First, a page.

Lens-Artists Photo Challenge #89: A River Runs Through It

river is a large, natural stream of flowing water. Rivers are found on every continent and on nearly every kind of land.

National Georgraphic

Some of you may notice that the theme title for this week is borrowed from “A River Runs Through it” by Norman Maclean. I’ve included a number of quotes from Maclean’s novel throughout today’s post.

“The river was cut by the world’s great flood and runs over rocks from the basement of time.”

The Bow river runs through Banff:

“On some of the rocks are timeless raindrops. Under the rocks are the words, and some of the words are theirs. I am haunted by waters.”

A river runs through a village of Estes Park, Colorado:

“Many of us would probably be better fishermen if we did not spend so much time watching and waiting for the world to become perfect”

The Nile runs through several countries. The northern section of the river runs almost entirely through the Sudanese desert to Egypt, and flows into the Mediterranean Sea. 

Fishing in on Nile:

See how ancient Egyptians fished (approx. 4,000 years ago).

Watching the sun setting on the Nile was an unforgettable experience:

“Eventually, all things merge into one, and a river runs through it.”  — Norman Maclean

I would like to use part of the Fountain of the Four Rivers story here, which I published some years ago, to close this theme. This statue stands in the center of the Piazza Navona in Rome, it is Bernini’s largest and most celebrated work (1648 to 1651). This giant figures symbolize four greatest rivers: the Nile, the Ganges, the Danube and the Rio de la Plata.

The figure symbolizing the Nile River has some additional meaning to it. Some said that it indicated the source of the Nile was then unknown (at least by Europeans). Many others believed that Bernini disapproved of the church building in the piazza. So, he deliberately covered the Nile figure (right side) and the other three seemed to turn away from the church in disgust.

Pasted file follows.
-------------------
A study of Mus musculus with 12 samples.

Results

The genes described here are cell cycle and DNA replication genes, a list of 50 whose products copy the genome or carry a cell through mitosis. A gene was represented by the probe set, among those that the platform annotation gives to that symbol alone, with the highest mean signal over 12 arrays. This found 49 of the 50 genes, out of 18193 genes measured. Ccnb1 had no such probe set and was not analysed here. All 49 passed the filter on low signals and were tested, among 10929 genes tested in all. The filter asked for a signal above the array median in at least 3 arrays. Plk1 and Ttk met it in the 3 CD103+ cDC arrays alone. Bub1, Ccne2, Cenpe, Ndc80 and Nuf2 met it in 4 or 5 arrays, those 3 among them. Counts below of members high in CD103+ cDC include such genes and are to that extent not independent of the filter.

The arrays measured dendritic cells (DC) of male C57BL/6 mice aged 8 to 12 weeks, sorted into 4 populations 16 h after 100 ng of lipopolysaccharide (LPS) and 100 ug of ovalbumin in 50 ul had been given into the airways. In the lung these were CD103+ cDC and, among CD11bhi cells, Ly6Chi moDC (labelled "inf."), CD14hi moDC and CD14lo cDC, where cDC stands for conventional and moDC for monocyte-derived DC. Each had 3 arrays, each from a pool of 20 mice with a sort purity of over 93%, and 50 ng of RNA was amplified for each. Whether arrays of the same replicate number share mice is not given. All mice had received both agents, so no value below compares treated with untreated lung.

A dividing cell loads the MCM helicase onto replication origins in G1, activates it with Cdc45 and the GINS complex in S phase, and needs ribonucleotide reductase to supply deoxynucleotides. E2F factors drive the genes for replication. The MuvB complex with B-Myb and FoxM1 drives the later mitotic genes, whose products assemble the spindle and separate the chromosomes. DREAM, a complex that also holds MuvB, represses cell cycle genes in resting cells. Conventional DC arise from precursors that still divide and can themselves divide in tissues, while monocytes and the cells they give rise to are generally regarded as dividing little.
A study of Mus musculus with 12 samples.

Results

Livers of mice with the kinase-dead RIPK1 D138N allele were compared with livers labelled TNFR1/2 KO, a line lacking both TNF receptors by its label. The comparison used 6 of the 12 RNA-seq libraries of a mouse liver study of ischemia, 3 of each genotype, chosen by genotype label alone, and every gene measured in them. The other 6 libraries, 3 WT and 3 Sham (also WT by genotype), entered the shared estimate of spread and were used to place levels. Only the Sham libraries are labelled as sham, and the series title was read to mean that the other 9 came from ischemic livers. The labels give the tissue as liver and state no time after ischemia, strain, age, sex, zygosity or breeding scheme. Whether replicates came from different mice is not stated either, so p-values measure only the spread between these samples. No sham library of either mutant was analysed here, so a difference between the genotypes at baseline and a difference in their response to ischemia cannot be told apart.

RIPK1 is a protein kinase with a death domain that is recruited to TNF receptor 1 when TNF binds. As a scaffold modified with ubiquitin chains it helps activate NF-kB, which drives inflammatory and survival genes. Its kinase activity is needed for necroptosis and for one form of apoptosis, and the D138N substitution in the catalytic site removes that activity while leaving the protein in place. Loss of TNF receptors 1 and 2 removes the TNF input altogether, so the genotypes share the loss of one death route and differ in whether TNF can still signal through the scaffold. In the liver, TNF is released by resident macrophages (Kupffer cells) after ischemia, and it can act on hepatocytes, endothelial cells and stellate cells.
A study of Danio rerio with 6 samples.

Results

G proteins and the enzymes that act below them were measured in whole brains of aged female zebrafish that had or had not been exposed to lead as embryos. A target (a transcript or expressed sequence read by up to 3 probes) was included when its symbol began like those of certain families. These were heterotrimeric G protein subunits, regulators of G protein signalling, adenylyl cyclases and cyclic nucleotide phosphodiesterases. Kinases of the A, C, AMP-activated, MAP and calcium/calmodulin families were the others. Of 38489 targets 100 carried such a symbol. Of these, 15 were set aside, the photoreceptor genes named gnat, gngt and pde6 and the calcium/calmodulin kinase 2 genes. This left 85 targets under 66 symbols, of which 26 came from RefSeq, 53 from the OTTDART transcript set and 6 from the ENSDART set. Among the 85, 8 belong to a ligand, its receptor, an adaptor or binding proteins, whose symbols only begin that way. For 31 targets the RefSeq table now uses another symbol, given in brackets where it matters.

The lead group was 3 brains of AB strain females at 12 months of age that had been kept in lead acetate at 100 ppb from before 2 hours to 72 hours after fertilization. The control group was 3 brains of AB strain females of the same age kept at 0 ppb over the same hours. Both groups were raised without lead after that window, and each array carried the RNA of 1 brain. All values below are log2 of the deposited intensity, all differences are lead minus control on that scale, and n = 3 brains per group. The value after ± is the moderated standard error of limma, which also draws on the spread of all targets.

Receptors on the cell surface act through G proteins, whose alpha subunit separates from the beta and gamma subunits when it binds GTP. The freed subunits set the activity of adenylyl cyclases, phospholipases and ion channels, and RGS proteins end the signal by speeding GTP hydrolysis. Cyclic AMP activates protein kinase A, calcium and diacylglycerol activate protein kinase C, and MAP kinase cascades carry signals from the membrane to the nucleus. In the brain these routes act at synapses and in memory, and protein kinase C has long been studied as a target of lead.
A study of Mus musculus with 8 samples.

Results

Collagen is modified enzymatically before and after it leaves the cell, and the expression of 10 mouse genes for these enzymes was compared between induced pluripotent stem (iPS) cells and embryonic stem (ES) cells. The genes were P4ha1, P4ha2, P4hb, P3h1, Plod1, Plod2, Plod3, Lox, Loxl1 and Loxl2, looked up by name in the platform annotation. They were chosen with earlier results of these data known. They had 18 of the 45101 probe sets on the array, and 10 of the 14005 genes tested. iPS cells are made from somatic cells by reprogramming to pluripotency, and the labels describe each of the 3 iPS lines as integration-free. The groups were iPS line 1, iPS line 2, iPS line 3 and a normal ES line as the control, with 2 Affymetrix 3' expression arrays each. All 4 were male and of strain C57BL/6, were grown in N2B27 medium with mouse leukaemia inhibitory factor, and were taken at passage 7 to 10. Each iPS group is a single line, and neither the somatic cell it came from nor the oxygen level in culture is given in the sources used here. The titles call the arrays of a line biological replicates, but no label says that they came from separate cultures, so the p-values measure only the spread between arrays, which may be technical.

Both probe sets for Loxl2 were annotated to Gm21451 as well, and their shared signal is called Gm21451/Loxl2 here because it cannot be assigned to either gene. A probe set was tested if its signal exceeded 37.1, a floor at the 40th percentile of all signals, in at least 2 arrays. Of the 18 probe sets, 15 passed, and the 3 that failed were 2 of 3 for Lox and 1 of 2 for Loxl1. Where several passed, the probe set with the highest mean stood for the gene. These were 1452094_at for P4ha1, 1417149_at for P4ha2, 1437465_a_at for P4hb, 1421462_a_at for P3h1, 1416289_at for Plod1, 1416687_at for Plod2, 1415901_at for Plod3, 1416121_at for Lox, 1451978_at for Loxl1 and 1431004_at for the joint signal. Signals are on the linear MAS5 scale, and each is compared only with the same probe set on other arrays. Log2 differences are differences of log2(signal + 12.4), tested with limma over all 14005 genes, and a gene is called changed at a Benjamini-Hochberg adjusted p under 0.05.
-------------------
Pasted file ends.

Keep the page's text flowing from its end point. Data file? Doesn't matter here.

Special thanks to Patti (pilotfishblog) for her wise words and insights. In her Chaos post, Patti said, “… It reveals our limitations, our misconceptions, our hubris.  It is humbling and often terrifying.  But from this place, we learn new truths which can serve us and future generations.” She also emphasizes, “It’s critically important that we listen….not to the rumors, not to the politicians, but the scientists and our wisest citizens.” Click here to visit Patti’s site for more.

Many thanks to Ann-Christine for her inspiring Chaos theme. Have you seen these?

Nes Felicio Photograph: Praying for Order Out of Chaos

Laura (poetrypix.com) uses slow shutter speed to express chaos. Welcome to LAPC!

Rusa (Oh, the Places We See . . .) takes us to Hanoi.

Ann-Christine, Patti, Tina, and I look forward to seeing your photos of rivers running down mountains, through valleys, along plains where you are or you have traveled, and we also love to read your stories. Be sure to link your post here, use the original post link (NOT from the WP Reader) and to add the Lens-Artists TAG so that we can more easily find you. For your convenience, here is the URL for my original post https://shareandconnect.wordpress.com/2020/03/21/river/

Stay tuned for Tina’s (Travels and Trifles) LAPC #90 on March 28th.